California Court Reminds Us About the Importance of Following COVID-19 Rules


The case involved the world-famous chocolatier See’s Candies. One of See’s Candies’ employees contracted COVID-19 while working in one of the company’s manufacturing plants. That employee, in turn, passed the virus to her husband. The husband eventually died from the disease, and the wife sued See’s Candies for her husband’s death. In court, See’s Candies argued that the wife’s claim was barred under California’s worker’s compensation laws, under which job-related injuries are exclusively compensable through the State’s worker’s compensation provisions. In a case of first impression, the court rejected See’s Candies’ arguments and held that the State’s worker’s compensation provisions do not bar the wife’s lawsuit.

While we do not want to overstate the case’s holding (just because the wife’s lawsuit could proceed does not mean it will ultimately be successful), the case is an excellent reminder of what we have been saying all along: Employers must comply with all applicable COVID-19 regulations (federal, state, and local) to minimize legal liability. In fact, in the See’s Candies case, the plaintiff alleged that she contracted COVID-19 at work because her employer failed to implement adequate safety measures against COVID-19. While compliance is undoubtedly burdensome, it may be less costly than having to defend against a wrongful death claim.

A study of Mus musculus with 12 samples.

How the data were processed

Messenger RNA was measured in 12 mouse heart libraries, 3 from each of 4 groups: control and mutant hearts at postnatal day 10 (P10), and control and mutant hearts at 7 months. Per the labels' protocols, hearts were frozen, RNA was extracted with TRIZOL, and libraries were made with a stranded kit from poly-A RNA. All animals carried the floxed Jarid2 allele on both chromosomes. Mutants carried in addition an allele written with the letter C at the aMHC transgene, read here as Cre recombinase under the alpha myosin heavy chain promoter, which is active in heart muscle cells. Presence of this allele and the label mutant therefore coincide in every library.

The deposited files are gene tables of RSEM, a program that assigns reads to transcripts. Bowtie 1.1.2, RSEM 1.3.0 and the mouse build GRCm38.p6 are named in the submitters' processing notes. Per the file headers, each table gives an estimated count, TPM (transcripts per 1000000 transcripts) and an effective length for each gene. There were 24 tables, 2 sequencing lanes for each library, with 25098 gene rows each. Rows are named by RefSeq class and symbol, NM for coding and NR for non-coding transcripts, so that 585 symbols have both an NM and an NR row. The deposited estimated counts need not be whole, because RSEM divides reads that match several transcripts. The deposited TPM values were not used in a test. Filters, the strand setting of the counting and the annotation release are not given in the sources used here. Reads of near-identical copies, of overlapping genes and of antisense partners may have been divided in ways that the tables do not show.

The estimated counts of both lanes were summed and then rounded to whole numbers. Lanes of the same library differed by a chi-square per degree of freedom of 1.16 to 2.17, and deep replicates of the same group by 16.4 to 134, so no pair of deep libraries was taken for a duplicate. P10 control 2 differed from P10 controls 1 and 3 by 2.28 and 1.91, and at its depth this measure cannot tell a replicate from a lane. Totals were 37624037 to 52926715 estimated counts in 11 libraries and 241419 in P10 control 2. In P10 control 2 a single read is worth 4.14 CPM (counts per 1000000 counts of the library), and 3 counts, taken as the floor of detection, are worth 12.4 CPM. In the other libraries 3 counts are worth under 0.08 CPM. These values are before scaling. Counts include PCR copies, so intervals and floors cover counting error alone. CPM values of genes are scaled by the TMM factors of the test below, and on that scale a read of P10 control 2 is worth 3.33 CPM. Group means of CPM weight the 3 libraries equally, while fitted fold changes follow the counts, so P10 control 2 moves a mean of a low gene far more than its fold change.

For more information, please contact us at info@mnklawyers.com.

This material is provided for informational purposes only. It is not intended to constitute legal advice, nor does it create a client-lawyer relationship between MNK Law and any recipient. Recipients should consult with counsel before taking any actions based on the information contained within this material.